I thought it got easier to breathe back there in August!



Since then, the air in Beijing has seemed better -- not all of the time, God knows, but more than before. How much of the improvement is due to factories being shut down because of the recession? (They must have been running 40 hours a day in the spring, given how bad things were then.) How much because of typically strong late-fall winds blowing in from the northwest? How much an actual long-term change? I don't know.

But, courtesy of a tip from an engineer at NASA, here is new evidence that all the anti-pollution steps taken because of the Olympics really did make a difference in air-quality measures in August -- and, it seems, some of the time since then.

The NASA map below will make more sense if you read the full report, here. Highlight version: the deep red west of Shanghai and north of Hong Kong (where Shenzhen and Dongguan are), plus through the central coal-and-factory belt in places like Shanxi province, is a bad sign. The light green around Beijing is relatively good! (The red zone on the coast just east of Beijing is the city of Tianjin.)

During the two months when restrictions were in place, the levels of nitrogen dioxide (NO2) -- a noxious gas resulting from fossil fuel combustion (primarily in cars, trucks, and power plants) -- plunged nearly 50 percent. Likewise, levels of carbon monoxide (CO) fell about 20 percent.
Why does this matter? Because it shows that corrective steps can improve even the most hopeless-seeming environmental disasters. It's worth trying to do something, rather than just hunkering down in bed and trying to take very, very shallow breaths -- my strategy in the months from April to July.

In other words, Yes We Can.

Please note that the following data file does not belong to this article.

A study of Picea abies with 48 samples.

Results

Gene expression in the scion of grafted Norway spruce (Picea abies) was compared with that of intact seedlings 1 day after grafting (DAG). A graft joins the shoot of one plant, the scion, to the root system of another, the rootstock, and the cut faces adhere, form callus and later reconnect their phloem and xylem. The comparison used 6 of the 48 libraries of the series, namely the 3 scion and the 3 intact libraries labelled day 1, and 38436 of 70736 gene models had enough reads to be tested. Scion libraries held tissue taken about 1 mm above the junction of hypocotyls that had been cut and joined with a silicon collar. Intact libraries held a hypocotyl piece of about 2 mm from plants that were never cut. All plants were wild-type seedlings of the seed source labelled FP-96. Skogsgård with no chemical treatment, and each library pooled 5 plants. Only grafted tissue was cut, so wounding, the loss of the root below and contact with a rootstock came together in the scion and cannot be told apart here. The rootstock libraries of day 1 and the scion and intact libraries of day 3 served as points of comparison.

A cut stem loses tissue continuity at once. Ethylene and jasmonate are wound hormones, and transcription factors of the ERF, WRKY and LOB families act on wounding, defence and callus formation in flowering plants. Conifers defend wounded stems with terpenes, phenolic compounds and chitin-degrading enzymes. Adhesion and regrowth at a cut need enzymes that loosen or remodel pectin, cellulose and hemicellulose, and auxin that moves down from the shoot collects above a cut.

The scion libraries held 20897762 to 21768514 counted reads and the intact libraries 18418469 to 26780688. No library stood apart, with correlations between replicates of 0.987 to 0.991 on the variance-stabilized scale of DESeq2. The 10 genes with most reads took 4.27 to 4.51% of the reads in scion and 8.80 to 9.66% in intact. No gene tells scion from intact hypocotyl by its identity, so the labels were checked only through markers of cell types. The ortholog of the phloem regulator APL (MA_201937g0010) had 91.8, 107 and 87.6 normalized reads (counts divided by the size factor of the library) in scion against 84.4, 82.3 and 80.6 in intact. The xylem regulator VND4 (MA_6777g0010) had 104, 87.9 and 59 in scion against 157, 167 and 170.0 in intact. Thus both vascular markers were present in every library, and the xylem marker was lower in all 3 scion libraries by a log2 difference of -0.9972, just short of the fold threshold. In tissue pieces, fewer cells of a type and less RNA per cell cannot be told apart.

James Fallows is based in Washington as a national correspondent for The Atlantic. He has worked for the magazine for nearly 30 years and in that time has also lived in Seattle, Berkeley, Austin, Tokyo, Kuala Lumpur, Shanghai, and Beijing. He was raised in Redlands, California, received his undergraduate degree in American history and literature from Harvard, and received a graduate degree in economics from Oxford as a Rhodes scholar. In addition to working for The Atlantic, he has spent two years as chief White House speechwriter for Jimmy Carter, two years as the editor of US News & World Report, and six months as a program designer at Microsoft. He is an instrument-rated private pilot. He is also now the chair in U.S. media at the U.S. Studies Centre at the University of Sydney, in Australia.

Fallows has been a finalist for the National Magazine Award five times and has won once; he has also won the American Book Award for nonfiction and a N.Y. Emmy award for the documentary series Doing Business in China. He was the founding chairman of the New America Foundation. His recent books Blind Into Baghdad (2006) and Postcards From Tomorrow Square (2009) are based on his writings for The Atlantic. His latest book is China Airborne. He is married to Deborah Fallows, author of the recent book Dreaming in Chinese. They have two married sons.

Fallows welcomes and frequently quotes from reader mail sent via the "Email" button below. Unless you specify otherwise, we consider any incoming mail available for possible quotation -- but not with the sender's real name unless you explicitly state that it may be used. If you are wondering why Fallows does not use a "Comments" field below his posts, please see previous explanations here and here.